By Marty Silk
(Australian Associated Press)
The Reserve Bank is prepared to cut interest rates if inflation remains sluggish over the next year or two.
The central bank, earlier in April, held the cash rate at a record low of 2.0 per cent, the rate it’s been at since May 2015.
In the minutes of its April board meeting the Reserve Bank indicated interest rates were at the right level amid a slowing labour market, a rising Australian dollar and low global inflation.
“Given these conditions, members assessed that it was appropriate for monetary policy to be very accommodative,” the minutes, released Tuesday, said.
The RBA downplayed the recent fluctuations in the labour market, saying slower jobs growth was expected following strong gains in the second half of 2015 and that it was noticeably stronger than one year ago.
However, it wouldn’t hesitate to cut rates in future if a subdued jobs market, combined with low global inflation and a high Australian dollar, kept inflation low for the next year or two.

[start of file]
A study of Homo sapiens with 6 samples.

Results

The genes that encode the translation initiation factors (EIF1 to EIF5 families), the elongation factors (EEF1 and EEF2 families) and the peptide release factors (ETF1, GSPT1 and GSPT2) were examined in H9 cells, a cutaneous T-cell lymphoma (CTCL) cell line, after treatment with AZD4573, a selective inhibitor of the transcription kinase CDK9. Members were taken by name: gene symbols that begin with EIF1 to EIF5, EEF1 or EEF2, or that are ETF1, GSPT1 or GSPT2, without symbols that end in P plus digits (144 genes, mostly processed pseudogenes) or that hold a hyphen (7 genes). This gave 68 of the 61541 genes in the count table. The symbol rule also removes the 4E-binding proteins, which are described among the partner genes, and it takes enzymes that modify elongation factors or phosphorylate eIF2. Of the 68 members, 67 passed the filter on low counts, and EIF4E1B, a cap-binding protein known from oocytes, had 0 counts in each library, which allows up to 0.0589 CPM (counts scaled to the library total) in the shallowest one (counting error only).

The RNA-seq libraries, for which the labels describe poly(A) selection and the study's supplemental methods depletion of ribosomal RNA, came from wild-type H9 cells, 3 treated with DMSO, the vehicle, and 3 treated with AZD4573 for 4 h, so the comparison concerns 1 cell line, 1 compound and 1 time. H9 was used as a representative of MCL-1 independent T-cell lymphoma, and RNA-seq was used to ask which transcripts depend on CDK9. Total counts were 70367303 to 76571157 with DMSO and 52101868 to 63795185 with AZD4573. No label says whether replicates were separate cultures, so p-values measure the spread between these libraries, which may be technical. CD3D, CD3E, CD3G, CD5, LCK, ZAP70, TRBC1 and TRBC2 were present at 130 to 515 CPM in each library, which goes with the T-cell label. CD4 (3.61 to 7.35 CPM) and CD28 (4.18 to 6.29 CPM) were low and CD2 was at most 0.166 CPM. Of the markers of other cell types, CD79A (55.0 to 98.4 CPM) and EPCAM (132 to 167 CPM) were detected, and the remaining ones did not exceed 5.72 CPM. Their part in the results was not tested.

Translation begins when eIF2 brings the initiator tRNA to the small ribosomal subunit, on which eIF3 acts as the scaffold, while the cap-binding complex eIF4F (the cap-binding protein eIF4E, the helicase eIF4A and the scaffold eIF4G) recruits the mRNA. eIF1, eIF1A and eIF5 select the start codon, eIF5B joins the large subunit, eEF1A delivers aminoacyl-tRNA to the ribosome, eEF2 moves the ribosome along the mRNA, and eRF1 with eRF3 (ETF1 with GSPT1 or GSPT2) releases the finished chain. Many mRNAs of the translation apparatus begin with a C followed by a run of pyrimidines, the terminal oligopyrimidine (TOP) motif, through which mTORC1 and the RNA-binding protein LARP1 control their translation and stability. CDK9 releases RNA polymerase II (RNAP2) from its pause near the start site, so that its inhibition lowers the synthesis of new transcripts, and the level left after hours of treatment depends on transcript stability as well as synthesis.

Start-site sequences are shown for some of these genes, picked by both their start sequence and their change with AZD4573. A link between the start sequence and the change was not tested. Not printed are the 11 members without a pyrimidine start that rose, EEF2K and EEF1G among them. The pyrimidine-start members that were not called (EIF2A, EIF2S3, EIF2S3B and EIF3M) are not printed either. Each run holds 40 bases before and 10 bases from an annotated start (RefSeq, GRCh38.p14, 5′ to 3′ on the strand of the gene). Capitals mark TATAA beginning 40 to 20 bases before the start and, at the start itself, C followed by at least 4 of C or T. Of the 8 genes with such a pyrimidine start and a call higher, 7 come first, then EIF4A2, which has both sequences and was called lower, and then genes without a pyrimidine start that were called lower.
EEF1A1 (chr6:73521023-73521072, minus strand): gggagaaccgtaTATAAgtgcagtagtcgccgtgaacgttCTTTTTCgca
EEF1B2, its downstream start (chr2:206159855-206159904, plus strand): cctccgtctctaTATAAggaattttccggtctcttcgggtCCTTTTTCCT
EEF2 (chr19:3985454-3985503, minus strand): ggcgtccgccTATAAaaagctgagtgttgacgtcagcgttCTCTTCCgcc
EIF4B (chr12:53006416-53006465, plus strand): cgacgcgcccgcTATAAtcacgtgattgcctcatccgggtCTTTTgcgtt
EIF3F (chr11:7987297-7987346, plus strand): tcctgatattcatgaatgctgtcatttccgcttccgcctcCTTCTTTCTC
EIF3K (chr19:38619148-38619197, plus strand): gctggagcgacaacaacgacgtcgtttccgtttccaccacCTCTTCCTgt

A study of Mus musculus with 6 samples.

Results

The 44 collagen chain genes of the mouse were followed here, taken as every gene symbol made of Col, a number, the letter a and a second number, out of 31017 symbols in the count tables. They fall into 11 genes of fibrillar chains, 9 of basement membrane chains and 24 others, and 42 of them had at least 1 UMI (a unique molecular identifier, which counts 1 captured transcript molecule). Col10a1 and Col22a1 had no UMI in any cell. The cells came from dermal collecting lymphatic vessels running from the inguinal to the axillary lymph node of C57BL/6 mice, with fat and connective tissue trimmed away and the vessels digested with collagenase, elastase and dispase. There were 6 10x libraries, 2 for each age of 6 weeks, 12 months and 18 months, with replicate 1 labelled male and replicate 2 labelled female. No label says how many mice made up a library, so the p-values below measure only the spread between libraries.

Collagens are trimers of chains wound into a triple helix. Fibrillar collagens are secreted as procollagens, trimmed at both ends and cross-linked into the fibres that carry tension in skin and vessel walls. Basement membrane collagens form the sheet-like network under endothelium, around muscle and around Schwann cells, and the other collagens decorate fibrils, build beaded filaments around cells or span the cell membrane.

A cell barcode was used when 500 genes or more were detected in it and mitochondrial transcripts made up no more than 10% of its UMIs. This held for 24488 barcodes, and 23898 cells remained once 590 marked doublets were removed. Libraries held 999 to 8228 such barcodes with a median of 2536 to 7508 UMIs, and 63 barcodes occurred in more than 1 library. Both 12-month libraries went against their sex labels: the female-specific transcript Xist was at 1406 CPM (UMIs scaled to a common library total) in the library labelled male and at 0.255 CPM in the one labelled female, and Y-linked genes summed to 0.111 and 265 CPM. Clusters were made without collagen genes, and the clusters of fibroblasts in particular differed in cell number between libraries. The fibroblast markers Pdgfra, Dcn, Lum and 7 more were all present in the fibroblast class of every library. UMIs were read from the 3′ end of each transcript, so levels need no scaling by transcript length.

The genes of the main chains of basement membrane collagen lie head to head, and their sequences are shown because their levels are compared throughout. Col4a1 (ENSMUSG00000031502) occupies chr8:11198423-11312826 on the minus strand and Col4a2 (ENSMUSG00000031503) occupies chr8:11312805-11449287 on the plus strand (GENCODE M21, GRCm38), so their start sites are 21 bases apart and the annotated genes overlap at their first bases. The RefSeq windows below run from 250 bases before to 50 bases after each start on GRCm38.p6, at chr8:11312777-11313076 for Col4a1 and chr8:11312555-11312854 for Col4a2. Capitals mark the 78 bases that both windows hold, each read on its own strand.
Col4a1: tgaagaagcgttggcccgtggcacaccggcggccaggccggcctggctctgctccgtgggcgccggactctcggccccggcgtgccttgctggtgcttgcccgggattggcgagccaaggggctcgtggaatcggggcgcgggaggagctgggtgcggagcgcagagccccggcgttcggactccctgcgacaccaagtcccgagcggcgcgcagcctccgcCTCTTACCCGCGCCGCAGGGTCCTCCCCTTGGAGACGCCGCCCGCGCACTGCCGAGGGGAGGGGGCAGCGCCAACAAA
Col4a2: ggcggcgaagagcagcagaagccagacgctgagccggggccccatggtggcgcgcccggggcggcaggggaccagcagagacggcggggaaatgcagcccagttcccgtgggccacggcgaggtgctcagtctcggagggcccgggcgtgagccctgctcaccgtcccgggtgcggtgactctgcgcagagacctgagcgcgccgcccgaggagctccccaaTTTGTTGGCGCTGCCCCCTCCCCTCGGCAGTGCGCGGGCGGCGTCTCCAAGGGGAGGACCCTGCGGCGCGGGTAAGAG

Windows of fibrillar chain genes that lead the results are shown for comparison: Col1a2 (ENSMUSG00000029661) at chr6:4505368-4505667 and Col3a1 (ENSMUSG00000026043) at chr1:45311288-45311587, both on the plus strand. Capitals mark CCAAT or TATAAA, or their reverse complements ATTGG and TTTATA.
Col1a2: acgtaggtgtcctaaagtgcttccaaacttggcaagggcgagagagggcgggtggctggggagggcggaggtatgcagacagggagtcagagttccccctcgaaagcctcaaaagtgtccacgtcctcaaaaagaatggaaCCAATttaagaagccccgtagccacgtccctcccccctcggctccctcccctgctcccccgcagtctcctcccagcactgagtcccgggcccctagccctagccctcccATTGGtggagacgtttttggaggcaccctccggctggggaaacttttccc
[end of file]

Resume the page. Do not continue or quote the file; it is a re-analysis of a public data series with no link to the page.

“Continued low inflation would provide scope to ease monetary policy further, should that be appropriate to lend support to demand,” the minutes said.
JP Morgan economist Ben Jarman said the statement showed the RBA was focused on far more than just the domestic factors when determining interest rates.
“Stable rates, in this context, implies more accommodative policy, which is needed to offset global disinflationary forces,” he said in a note.
ANZ’s head of Australian economics Felicity Emmett said the central bank’s upbeat economic outlook indicated there wouldn’t be a near-term rate cut.
“The strength in the very recent data would leave the Reserve Bank comfortable that the non-mining recovery had continued to gain traction over the past few months,” she added.
CommSec economist Savanth Sebastian said even “super low inflation” and a strong dollar may not be enough to trigger a future rate cut.
“However it (the RBA) would need to feel confident that a rate cut would have the desired impact in driving the Aussie dollar lower,” he said.
“Most central banks that have eased monetary policy in the past few months have seen their currency continue to strengthen.”